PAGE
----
About this Website

"When I am in the fields, every tree cries out to me, 'Holy! Holy! Holy!'" --Ludwig van Beethoven

"My profession is to always be on the alert to find God in nature--to know his lurking places." --Henry David Thoreau, Journal 1851

“…If one were to turn a colt loose in a green meadow that was entirely smooth and level…it would be the horse’s nature to let himself go with all his strength in galloping about the meadow—he would enjoy it for it is his nature. In just the same way, God rejoices, pouring out all His nature and His being into His likeness (humankind), for He is Himself this likeness!”  --Meister Eckhart, Sermon 57            

                                                                     
This Web site, Religious Scholar, explores common themes and images in world religions and spiritual traditions. The site has two primary goals: to advocate for tolerance and appreciation of the many ways of thinking about and expressing spiritual understanding throughout history and the world; and to celebrate the role of Nature in opening doors to spiritual understanding.

Examples of commonalities among spiritual traditions include :

  • Visual metaphors in ancient Tibetan mandalas (religious images) and the illuminations of the 12th century theologian, composer and scientist, Hildegard of Bingen;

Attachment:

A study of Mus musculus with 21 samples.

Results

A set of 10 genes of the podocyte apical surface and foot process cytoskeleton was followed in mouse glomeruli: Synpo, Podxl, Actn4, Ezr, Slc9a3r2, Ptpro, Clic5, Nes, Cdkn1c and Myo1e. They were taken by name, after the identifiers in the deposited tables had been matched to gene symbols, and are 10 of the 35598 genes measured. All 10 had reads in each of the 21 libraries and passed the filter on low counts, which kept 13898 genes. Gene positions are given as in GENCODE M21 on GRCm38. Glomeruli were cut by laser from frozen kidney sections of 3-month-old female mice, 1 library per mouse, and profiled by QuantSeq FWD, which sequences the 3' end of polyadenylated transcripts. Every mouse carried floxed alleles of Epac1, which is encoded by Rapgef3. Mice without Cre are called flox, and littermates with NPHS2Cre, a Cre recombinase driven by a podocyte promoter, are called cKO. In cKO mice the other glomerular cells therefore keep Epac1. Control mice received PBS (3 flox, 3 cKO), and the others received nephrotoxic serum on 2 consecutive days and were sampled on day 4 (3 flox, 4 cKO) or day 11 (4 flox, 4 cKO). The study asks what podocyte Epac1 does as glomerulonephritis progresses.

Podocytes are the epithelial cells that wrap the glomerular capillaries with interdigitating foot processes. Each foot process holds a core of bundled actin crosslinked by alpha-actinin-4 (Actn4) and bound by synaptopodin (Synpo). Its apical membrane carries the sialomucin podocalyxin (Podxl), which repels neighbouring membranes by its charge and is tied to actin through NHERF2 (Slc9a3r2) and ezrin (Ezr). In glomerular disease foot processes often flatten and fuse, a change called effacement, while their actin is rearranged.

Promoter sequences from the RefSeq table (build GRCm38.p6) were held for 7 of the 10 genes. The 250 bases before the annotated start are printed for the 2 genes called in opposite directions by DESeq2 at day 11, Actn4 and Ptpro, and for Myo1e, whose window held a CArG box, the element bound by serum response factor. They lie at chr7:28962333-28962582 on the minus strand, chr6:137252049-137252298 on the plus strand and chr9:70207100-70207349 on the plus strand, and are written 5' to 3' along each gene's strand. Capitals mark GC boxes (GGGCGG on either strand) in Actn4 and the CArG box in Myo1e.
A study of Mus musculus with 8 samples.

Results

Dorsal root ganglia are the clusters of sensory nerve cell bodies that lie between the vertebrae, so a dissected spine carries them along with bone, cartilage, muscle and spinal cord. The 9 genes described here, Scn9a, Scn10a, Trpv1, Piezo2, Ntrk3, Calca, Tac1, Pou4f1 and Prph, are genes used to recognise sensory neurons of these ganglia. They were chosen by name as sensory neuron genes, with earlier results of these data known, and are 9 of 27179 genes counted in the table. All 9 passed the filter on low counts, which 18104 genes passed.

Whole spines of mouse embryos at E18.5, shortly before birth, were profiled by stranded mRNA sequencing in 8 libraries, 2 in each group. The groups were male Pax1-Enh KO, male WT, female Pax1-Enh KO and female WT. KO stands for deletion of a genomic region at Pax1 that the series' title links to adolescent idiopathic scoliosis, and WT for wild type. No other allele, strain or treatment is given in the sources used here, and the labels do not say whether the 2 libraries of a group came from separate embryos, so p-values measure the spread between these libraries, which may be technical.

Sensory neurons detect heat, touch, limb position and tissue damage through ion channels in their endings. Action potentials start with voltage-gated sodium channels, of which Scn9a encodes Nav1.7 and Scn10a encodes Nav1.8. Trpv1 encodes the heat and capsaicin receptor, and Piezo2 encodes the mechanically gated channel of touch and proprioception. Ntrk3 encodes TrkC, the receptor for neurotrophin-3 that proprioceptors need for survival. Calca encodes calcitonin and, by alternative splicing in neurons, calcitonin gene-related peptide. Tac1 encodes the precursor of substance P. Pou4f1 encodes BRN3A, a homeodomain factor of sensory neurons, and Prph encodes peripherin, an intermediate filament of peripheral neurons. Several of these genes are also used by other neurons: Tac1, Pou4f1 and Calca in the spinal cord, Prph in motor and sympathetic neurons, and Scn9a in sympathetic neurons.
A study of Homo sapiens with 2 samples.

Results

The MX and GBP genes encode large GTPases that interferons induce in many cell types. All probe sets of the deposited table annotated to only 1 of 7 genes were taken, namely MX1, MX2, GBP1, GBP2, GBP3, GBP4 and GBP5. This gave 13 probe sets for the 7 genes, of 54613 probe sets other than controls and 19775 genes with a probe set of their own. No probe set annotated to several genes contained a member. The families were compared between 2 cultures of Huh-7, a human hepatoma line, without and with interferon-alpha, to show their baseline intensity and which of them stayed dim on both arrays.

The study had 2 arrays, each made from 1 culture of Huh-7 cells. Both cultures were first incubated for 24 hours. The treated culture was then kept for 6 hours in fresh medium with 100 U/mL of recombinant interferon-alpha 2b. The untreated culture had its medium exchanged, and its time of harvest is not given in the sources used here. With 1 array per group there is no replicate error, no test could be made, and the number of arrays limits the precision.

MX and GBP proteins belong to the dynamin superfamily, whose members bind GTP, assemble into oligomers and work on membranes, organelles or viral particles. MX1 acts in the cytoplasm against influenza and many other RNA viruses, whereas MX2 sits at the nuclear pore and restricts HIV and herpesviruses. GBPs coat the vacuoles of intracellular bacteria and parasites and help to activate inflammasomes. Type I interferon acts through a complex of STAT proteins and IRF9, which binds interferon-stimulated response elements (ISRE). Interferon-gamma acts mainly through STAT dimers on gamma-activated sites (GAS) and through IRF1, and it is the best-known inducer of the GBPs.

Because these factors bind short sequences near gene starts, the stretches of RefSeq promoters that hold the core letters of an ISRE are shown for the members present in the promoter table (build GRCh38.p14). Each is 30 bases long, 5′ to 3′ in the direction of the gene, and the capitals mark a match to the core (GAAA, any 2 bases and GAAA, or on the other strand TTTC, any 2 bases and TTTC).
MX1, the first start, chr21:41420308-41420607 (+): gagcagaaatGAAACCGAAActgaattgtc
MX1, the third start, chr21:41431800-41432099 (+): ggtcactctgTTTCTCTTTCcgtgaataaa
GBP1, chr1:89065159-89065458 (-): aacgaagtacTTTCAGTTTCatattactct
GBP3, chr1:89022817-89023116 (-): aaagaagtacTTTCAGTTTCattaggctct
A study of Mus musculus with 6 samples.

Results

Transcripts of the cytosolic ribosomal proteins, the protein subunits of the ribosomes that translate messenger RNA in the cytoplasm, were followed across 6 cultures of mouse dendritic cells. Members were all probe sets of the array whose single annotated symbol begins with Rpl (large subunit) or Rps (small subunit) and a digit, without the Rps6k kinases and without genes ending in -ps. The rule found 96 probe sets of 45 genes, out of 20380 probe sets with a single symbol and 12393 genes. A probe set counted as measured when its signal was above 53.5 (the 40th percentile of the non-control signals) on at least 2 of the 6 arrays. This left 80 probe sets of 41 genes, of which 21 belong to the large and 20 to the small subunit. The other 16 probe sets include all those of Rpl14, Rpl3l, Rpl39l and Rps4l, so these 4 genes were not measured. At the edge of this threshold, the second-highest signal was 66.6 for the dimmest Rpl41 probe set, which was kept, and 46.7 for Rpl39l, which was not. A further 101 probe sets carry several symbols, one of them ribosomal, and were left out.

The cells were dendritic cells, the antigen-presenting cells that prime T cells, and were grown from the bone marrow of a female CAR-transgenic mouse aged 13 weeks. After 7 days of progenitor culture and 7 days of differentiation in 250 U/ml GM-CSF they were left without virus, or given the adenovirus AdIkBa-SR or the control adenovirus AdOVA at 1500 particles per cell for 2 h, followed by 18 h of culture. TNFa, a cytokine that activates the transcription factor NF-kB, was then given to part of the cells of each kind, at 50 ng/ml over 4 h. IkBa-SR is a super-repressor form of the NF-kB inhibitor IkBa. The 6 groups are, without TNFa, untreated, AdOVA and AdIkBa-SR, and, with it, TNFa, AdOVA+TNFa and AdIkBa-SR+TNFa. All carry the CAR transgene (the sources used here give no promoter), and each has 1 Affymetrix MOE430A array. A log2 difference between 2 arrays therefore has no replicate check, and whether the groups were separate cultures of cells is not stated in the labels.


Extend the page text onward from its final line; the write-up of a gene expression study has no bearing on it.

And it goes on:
• Ideas of love, work and detachment in both the Bhagavad Gita--often called the gospel of Hinduism--and the sermons and discourses of Meister Eckhart, a 14th century Dominican master;
  • The spiritual path of ascent in Yoga's chakra theory and the book, Interior Castle, by St. Teresa of Avila.

Religious Scholar believes that studying and using the structures of different faiths to reexamine what we know and believe in our own traditions can be an invigorating experience for mind and spirit. Rather than detract from the integrity of our own beliefs, such study will expand our understanding of religious and spiritual truth and the global community we live in.

Religious Scholar also believes, with H.D. Thoreau, that in wildness--the natural environment around us--is the salvation of the world.

Web-site author Linda Holt teaches Humanities with Southern New Hampshire University and Thomas Edison State University, writes about classical music for the Broad Street Review, and is the author of The Black Spaniard, a novel about bias, despair, and reconciliation published in 2016. She is the co-editor of a book on Daoism and Science to be published by Nova Science Publishers in 2019.